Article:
On a recent episode of After The Bell, Corey Graves interviewed John Cena, who shared his favorite match of all time, and shared some wisdom with Graves at the end of the podcast. Graves and Cena also discussed Cena's busy life in WWE and outside of WWE. However, Cena does not see his career as a grind as Graves asks and talks about how he chose to do the things that he does and doesn't feel burdened by his schedule.
"That it's not a grind. That's all bulls--t. It's just not. Man, life isn't easy in general. No matter fortunate or unfortunate we are, life has its ups and downs. I play dress-up. That's it. The work I have to do to play dress-up is travel a lot, and I have to give up certain sacrifices of what has been dictated as a 'normal life.' But everybody consistently, the question I hear the most, how did you do it all? How do you continue to do it all? I only do things that I dig, and I just really dig WWE," Cena said. "From the second I got here to doing an interview with FOX then doing another thing for Backstage to wanting to meet you in person and wanting to do the interview in person and not on the phone and going to sign a bunch of stuff and doing three Make-a-Wish's and then finally at 6:00 or 8:00 get the piece of business I'm supposed to do by 10:00. My brain isn't exploding because I chose to do all those things."
Cena gets blunt about talent who criticize the WWE schedule telling them to just quit. He goes on to talk about how he has never had a bad day in WWE despite any mistakes or poor performances.
"[People] consistently harp on the schedule of WWE. The WWE is more aware of its schedule and asks of the talent than ever before. Talent can take as much time off as they want, but there's the intrinsic battle of us like I don't want to lose relevancy [and] I'd like to make a good living out of this. So it's the push-pull and my thing is when people get in the place where they complain about the schedule and the grind, just don't do it. Just don't do it, and I really can never remember a distinctive bad day at work," Cena admitted. "I can remember tons of bad matches. I can remember getting booed. I can remember crickets. I can remember missing my mark not telling a good story, but I honestly cannot remember a bad day at work. That's pushing me forward in film and other ventures I'm doing. I will only sign up for the stuff that I enjoy, so I have very few bad days at the office."
Cena starred in Bumblebee and will eventually join the Fast and Furious franchise with Fast 9 and the DC Universe with The Suicide Squad. He talked about his first attempt at movies in the late 2000s and how there was a belief between himself and his agent that he would never be in movies again after failing.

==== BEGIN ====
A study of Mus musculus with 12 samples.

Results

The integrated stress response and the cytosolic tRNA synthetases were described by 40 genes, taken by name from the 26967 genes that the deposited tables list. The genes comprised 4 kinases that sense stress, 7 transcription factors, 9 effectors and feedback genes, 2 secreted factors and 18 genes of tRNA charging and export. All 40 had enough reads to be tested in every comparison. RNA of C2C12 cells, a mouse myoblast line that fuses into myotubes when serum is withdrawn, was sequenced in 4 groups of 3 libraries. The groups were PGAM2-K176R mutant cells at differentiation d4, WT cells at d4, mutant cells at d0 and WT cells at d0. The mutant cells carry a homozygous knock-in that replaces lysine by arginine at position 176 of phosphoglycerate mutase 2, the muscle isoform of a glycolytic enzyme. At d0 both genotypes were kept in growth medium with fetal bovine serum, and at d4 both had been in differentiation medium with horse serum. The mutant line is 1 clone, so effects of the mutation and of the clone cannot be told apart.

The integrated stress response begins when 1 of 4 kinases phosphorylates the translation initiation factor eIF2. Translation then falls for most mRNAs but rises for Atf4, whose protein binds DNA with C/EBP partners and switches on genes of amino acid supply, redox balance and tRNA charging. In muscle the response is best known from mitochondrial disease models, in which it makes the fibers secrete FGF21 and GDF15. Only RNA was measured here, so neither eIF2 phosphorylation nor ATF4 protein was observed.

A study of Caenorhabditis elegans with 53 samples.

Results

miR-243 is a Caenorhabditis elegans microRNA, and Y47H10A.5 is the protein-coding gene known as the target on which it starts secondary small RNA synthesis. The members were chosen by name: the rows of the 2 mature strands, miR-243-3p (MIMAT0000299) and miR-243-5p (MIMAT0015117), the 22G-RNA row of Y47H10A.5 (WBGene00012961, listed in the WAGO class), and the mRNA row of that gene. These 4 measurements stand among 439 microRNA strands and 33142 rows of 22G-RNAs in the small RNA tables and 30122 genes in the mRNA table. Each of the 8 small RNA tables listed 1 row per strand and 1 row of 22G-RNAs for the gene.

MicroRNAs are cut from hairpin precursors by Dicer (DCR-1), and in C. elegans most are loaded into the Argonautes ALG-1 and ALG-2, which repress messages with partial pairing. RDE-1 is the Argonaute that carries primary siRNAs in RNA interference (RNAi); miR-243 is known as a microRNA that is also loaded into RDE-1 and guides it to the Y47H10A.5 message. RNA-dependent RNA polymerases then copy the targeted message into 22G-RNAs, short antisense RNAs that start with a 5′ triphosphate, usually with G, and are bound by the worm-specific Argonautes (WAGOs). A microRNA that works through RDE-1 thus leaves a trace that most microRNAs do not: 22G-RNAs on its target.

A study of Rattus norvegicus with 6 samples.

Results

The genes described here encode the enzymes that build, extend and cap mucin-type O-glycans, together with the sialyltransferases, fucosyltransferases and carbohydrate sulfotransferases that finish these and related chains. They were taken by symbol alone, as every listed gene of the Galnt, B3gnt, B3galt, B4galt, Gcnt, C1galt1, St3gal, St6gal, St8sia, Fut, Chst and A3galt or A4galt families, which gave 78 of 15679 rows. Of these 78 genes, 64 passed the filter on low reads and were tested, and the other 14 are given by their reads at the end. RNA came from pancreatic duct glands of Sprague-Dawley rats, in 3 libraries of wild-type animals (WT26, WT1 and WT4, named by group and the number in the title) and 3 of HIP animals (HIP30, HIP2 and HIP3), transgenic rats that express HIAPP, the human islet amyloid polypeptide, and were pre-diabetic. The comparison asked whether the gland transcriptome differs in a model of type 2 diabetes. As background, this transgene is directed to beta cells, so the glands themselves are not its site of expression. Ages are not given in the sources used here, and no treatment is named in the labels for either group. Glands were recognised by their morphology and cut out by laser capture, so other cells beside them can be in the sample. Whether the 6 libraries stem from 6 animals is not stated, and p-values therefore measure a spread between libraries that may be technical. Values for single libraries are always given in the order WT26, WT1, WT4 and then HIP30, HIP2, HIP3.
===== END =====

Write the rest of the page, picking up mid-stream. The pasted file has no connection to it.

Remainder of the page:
"That would be like a general interviewer being like, 'so the wrestling thing, is that something you've aspired to do for a long time?' No, none of this. This is all just bonus. Somebody was foolish enough to hand me a lottery ticket, and I was smart enough to take it. I could never have told you like, 'yeah, I want to be in film,' especially after I tried it early in my career and bombed enough times where literally in 2008, my very close friend, Dan Baime, who's also my agent, I literally looked at him like, 'hey man, we're never doing movies again huh?' This is my agent, and he's like, 'nope. We're not. We're just gonna have to find other stuff.' That's when we pivoted into trying to host. I discussed what it is that I like because this is a time-sensitive profession, so I like a live audience. I like keeping people entertained. I like to talk. So we came up with stuff like that, and through those opportunities, small parts came up through the movies. And now after Trainwreck which came out in 2013 so after seven years of trying, now some bigger parts are coming after seven years."
Cena related his struggles to get to where he is now in the film industry to WWE superstars who transition from the independent circuit to NXT. He talks about the journey that got them there and goes back to why he doesn't see his journey as a grind.
"A lot of superstars understand that struggle especially superstars who worked in the independent circuit. Everybody sees them show up in NXT and maybe get a wonderful ovation like, 'man, you made,' and they're like, 'yeah but you don't know about all the other ones where I was driving in my car, splitting trams four-ways and staying a motel by the hour.' That's a real thing. So I never thought I would be doing any of this, and I guess that's also a reason why I don't think it's a grind because I never thought I would be doing any of it."
"I was on the independents and was getting booked as an extra as we often did, and I was in Chicago. It was the first time I ever encountered you, and I believe it was from afar. You were in catering, and we made eye-contact very briefly. And there was really nothing said or exchanged because it was from a distance. And Colt Cabana was with me, and he goes, 'what did you do to Cena?' And I go, 'I don't know man, but I got that stare.' He goes, 'Cena hates you,' and it became this ongoing rib. I feel like it was one of those things I expected. It was in my head. So from then on, anytime I see you, even years down the road, I'm like I don't know what I did to this guy, but this guy hates me. Meanwhile you probably had no idea who I am, but Cabana ribbed me for years about that, and it became 'the John Cena death stare.' I get to FCW, and that's when we encountered each other at the gym. It was kind of like, 'oh John's not such a bad guy,' but I always carried that with me for a long time. I can laugh about it now, but 'the John Cena death stare' was a real thing.
"Well, I apologize. Shame on you Colt Cabana for ribbing someone on their insecurities. It's not cool. Totally not cool."
If you use any quotes from this article, please credit After The Bell with a h/t to Wrestling Inc. for the transcription.